The Crucible The Evolution of a Truth Seeker A crucible is a severe test as of patients or belief, a trial. The play The Crucible is a journey through the trials of many townspeople caused by the superstitious belief of witchcraft. In The Crucible, Arthur Miller progresses and evolves the outlooks and views of the townspeople of Salem and shows how events, people, and catastrophes cause the characters to change their views on whether the people prosecuted were guilty or innocent of witchcraft.
Reverend John Hale changes his view, more and more drastically as the play advances, as a result of the events that he underwent and the experiences he had. Soon he had total belief in the innocence of all those convicted and hung in Salem. Arthur Miller weaves many events into the story that contribute to the alteration in Hale’s mindset. In the middle of Act 1, Hale arrives and is perceived by the town as “The truth seeker”. Hale is called upon to determine what sort of witchcraft, if any, is occurring (Page 33-35). Hale arrives admired by the people, who all want him to claim it was witchcraft that has occurred.
Although unsure, he understands he is being led toward the conclusion of witchcraft by the town’s false pretences and mass hysteria. He begins to see a weakness in the position of the townspeople of Salem and tries to not let common accusations be the support for his diagnosis. The conversations that Hale has demonstrate the evolution of his mindset. In Act II, Hale is traveling around the town, going house-to-house, searching for accused women to warn them that their names have been mentioned in the court. Soon, Hale finds himself standing at the Proctor home. At this moment, Hale sees a different perspective on the entire situation.
“Proctor: I – I have no witness and cannot prove it, except my word be taken. But I know the children’s sickness had naught to do with witchcraft. Mr. Parris discovered them sportin’ in the woods.
They were startled and took sick. Hale: Who told you this? Proctor: Abigail Williams.”(Page 68-69) Originally, Hale was only provided evidence that witchcraft was occurring in the town. Now that he has visited the Proctor’s home, he finds more support for his suspicion of the girls’ claims as he finds truth in the words of John Proctor. “Abigail Williams told you it had naught to do with witchcraft .. Why – why did you keep this? ..
Nonsense! Mister, I have myself examined Tituba, Sarah Good, and numerous others that have confessed to dealing with the Devil. Thy have confessed it .. And you – would you testify to this in court?”(Page 68-69) No longer believing that Abigail and her crew were correct, Hale finally opens his eyes to the new possibility that those who confessed did it for the sake of not being hung. Hale sees the honesty in Procter and believes he is able to trust his word and at last not be as closed-minded about the witchcraft situation in Salem. Abigail Williams and her crew are now appearing in the court.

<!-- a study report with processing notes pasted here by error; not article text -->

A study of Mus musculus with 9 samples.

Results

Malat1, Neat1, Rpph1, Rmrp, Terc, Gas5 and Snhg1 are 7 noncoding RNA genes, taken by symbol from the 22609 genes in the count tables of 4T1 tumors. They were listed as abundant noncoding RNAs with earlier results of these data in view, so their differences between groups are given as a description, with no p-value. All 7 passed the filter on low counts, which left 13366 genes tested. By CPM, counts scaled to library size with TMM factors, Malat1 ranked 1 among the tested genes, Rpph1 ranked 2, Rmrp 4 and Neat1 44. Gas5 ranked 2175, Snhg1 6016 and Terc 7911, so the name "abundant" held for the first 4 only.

Hale is really perceiving the show that the girls are putting on. Danforth may not be recognizing the lies of the children, but Hale become convinced that the claims of the children are false. “I denounce these proceedings. I quit this court”(Page 120). Hale is becoming frustrated with the mass hysteria of the town and fed up with the lies of the girls.
He can see the lack of truthfulness in all of the testimonies and court appearances of the girls. Later, Hale stands up for his belief in the innocence of the victims even though they have been forced to admit their guilt (Page 130). “You will confess yourself or you will hang” (Page 117). “Postponement means a floundering on my part”(Page 129). He starts to realize that the court although, apparently truthful and fair, can be misleading and forceful in finding the guilt or innocence of a person depending on what the court desires.
Miller uses the strongest form of influence possible to finally sway Hale into total belief in the innocence of those convicted in Salem. The deaths of the people served as an enormous influence on the opinion of Hale, eventually to the point where Hale has no belief that any of those in the town are bewitched. As Hale stands and awaits the death of Proctor, he knows that Proctor is innocent (End of Act IV). There is no doubt in his mind that witchcraft has not occurred in the town of Salem. Hale now sees that many have died without cause and that those who have been hanged, even Giles Corey who died on the stone, were innocent.
Hale stands before the man who opened his eyes to more than pretense and lies. He is now looking at the one man who changed his belief in the existence of witchcraft in Salem. Hale begs Elizabeth to plead with Proctor to save him, but Elizabeth cries, He have his goodness now. God forbid I take it from him!(End of Act IV). Proctor and Rebecca Nurse are then led to hang. Hale now has a great feeling of regret that he didn’t effect and help save the town from the childish lies that killed so many.
Entering these trials, Reverend John Hale feels as though he is an expert in witchcraft. He is specifically called upon by Reverend Parris to diagnose his daughter and determine whether witchcraft is the cause of her illness. Although inconclusive about the nature of the child’s illness, Hale has a slight feeling of doubt that witchcraft has occurred. From the beginning, Hale has tried to not let the pressure of the hysterical town influence his decision. Due to the increase in activity of the witch trials, Danforth and others are sent in and Hale quickly loses his authoritative position in the town. As he watches the trials and the hangings of the townspeople, Hale comes to see that the entire witch trial was a hoax and regrets he didn’t make more of an impact, and sooner, on the “Bewitched” town of Salem.